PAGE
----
For a long time in healthcare we have referred to things like “degenerative joint disease,” “arthritis,” and “muscle fraying” as normal wear and tear on the body. We’ve used a simple analogy about your car to describe it too: over a long time of rubbing across one another, even with the best lubricants man can create, the metal parts of your car wear down. So we can replace them, or replace the car. This must be the same thing happening in your body, and why your joint spaces look different than the ones the 14 year old over there has!
The problem with this analogy is that almost every recent study coming out on the matter is challenging our perceptions of these things. Inactive individuals actually have MORE and WORSE arthritis than runners, who actually seem to have better knees and backs than non-runners. Athletes without history of traumatic injury (ACL tears, fractures, etc) to their joints actually seem to have less incidence of pain than their non athletic counterparts, even in frequently used joints in their sport. Cartilage actually seems BETTER for these people, but how on earth can that be?
Well, for a long time in healthcare, we have been forgetting one of the first things we learned in Anatomy and Physiology: the SAID Principle. It’s actually the entire rationale behind weight lifting for body builders, resistance training for those diagnosed with osteoarthritis, and progressive loading protocols for patients with sprains, strains, and tears. Deliberate loading and use of the tissues of the body, including muscles, tendons, ligaments, and bones, actually stimulates them to build up stronger. It’s why you see martial artists rolling logs over their shins to build up bone strength and prevent fractures during competition. Directly applying transverse force to a bone actually encourages the body to increase the strength of the bone AGAINST that action and support the body better!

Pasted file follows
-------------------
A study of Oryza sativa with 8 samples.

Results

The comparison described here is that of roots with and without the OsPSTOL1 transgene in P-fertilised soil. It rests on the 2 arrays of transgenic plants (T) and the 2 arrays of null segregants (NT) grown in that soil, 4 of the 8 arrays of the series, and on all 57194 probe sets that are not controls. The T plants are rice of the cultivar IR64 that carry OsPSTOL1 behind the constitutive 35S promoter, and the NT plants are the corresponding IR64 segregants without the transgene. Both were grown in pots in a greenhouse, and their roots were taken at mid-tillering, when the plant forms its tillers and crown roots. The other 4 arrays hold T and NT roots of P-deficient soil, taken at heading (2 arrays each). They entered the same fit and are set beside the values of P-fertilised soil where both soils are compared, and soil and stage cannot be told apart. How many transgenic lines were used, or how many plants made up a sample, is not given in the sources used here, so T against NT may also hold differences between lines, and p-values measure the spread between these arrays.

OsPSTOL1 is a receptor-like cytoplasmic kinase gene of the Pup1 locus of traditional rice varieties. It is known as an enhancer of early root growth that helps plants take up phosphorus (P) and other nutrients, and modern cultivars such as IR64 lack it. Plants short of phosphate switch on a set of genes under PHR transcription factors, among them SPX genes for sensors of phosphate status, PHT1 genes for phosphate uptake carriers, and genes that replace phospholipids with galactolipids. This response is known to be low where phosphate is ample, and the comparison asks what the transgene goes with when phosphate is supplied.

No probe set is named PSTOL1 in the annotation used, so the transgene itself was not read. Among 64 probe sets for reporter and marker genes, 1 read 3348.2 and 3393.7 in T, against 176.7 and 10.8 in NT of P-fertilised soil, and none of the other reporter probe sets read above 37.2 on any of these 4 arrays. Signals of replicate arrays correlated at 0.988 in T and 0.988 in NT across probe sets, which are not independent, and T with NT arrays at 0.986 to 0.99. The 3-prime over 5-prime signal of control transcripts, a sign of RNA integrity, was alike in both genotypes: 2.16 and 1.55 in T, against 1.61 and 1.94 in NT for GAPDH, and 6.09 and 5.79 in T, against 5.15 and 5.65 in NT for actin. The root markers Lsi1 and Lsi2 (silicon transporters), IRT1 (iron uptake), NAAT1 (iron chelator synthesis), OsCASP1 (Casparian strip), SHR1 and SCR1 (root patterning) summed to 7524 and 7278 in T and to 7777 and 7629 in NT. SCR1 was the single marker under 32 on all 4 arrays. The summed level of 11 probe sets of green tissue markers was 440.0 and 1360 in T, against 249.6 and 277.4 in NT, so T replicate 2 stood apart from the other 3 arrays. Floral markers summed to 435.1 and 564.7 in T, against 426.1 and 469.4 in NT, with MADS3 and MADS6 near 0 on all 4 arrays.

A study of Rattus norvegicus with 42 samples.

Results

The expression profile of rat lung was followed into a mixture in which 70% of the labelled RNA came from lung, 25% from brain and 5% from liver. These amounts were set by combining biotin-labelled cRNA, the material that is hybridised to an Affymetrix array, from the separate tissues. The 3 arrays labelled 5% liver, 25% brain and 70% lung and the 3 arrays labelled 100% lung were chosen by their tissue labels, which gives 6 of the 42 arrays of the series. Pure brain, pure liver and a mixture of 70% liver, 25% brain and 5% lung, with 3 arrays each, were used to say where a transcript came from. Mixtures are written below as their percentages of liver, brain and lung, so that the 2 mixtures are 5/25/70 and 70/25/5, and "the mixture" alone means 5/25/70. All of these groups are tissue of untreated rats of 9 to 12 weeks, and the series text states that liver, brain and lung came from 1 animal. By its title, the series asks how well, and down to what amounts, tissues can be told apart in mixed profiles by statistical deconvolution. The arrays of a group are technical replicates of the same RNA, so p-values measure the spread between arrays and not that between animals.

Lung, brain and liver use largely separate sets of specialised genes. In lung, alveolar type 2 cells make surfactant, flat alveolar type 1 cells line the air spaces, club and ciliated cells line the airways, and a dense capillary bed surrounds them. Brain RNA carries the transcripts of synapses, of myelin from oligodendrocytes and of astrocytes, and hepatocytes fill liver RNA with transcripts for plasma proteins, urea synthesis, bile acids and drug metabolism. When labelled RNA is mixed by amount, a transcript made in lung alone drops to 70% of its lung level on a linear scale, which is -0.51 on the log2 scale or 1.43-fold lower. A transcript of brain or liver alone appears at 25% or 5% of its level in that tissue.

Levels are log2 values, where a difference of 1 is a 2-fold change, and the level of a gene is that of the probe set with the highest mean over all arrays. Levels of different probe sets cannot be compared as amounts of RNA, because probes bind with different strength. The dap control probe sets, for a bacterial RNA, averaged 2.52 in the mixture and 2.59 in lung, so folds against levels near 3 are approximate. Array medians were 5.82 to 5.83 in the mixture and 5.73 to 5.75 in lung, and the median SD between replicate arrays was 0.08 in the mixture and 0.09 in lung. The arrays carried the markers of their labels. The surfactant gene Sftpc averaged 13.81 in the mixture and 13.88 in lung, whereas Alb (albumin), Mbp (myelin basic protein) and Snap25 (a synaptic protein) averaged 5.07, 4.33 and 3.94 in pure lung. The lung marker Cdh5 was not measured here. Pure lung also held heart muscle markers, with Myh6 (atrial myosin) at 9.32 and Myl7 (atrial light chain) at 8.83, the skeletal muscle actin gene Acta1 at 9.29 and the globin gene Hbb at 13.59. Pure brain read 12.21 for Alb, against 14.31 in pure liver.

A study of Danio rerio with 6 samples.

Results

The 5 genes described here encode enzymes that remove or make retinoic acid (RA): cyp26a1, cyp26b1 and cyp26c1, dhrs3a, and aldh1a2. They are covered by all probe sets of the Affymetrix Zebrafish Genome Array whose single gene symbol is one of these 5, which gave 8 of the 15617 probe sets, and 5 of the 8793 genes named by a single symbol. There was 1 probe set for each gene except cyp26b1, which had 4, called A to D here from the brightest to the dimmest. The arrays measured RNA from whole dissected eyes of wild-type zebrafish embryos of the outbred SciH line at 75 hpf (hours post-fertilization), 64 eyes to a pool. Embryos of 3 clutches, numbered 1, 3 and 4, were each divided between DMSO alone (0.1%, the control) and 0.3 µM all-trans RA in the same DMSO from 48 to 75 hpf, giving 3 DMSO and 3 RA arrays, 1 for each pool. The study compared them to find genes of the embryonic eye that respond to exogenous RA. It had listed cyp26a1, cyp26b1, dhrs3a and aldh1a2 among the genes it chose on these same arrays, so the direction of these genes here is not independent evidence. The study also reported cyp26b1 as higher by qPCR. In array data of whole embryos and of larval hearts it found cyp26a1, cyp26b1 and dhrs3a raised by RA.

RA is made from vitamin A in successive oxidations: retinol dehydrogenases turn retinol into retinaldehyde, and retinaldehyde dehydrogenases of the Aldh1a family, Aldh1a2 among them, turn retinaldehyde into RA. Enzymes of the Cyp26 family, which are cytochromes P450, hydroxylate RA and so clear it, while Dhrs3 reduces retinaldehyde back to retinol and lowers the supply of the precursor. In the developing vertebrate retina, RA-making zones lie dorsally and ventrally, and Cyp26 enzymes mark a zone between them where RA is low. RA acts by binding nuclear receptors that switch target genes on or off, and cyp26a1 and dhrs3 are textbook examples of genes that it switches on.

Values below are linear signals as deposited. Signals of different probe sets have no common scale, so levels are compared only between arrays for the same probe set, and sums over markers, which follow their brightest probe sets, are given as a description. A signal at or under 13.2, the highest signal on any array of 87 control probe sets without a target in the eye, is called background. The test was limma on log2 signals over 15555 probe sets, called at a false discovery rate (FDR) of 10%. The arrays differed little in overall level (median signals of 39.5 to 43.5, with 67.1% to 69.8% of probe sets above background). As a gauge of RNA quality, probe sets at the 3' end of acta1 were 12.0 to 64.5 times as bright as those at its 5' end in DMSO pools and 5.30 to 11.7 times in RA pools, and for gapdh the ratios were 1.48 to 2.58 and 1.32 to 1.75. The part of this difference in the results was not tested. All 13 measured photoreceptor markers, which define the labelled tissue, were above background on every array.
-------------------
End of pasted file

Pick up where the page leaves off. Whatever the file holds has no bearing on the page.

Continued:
We actually see this with runners in both the knees and spine. Cartilage and disc space preservation is actually better because as we apply load straight down, the body will kickstart a cycle that sends MORE nutrients and cells to the area to ensure the joints can safely tolerate that load!
Now, this is not to say your joints look just like they did when you were 14. On the contrary, they shouldn’t! As we age and force the body to adapt, we expect it to undergo changes, my muscles don’t look the same as they did when I was 14 either (thank goodness, I was a skinny little thing!) and this is just a natural expectation. My body responded to my use and adapted, literally what my anatomy professors told me it should do!
Now does this mean that you cannot get pain in these regions if you do these sports? Oh of course not. An entire slew of other things can cause pain in the body like sudden changes in loading, decreased activity tolerance after we stop training (because as we all know if you don’t use it you lose it), or excessive loading in a short period of time causing an inflammatory cascade which can actually lead to chronic pain without physical damage. What we are learning, however, is that our understanding of how to interpret x-rays and MRIs has been greatly flawed in the past, and that we need to adapt to this new research both in how we utilize these radio graphic images in diagnosis, and how we talk about what is going on in your body.
Turns out, what we are seeing is probably not “wear and tear” or even “your fault for the activities you did” because those activities actually probably set you up for success in the long run! It also means that just because you knees or back hurt is not a reason to stop exercising, but is probably a reason to start!
As a wise teacher once told me: just because we’ve always done it this way, doesn’t mean we were right!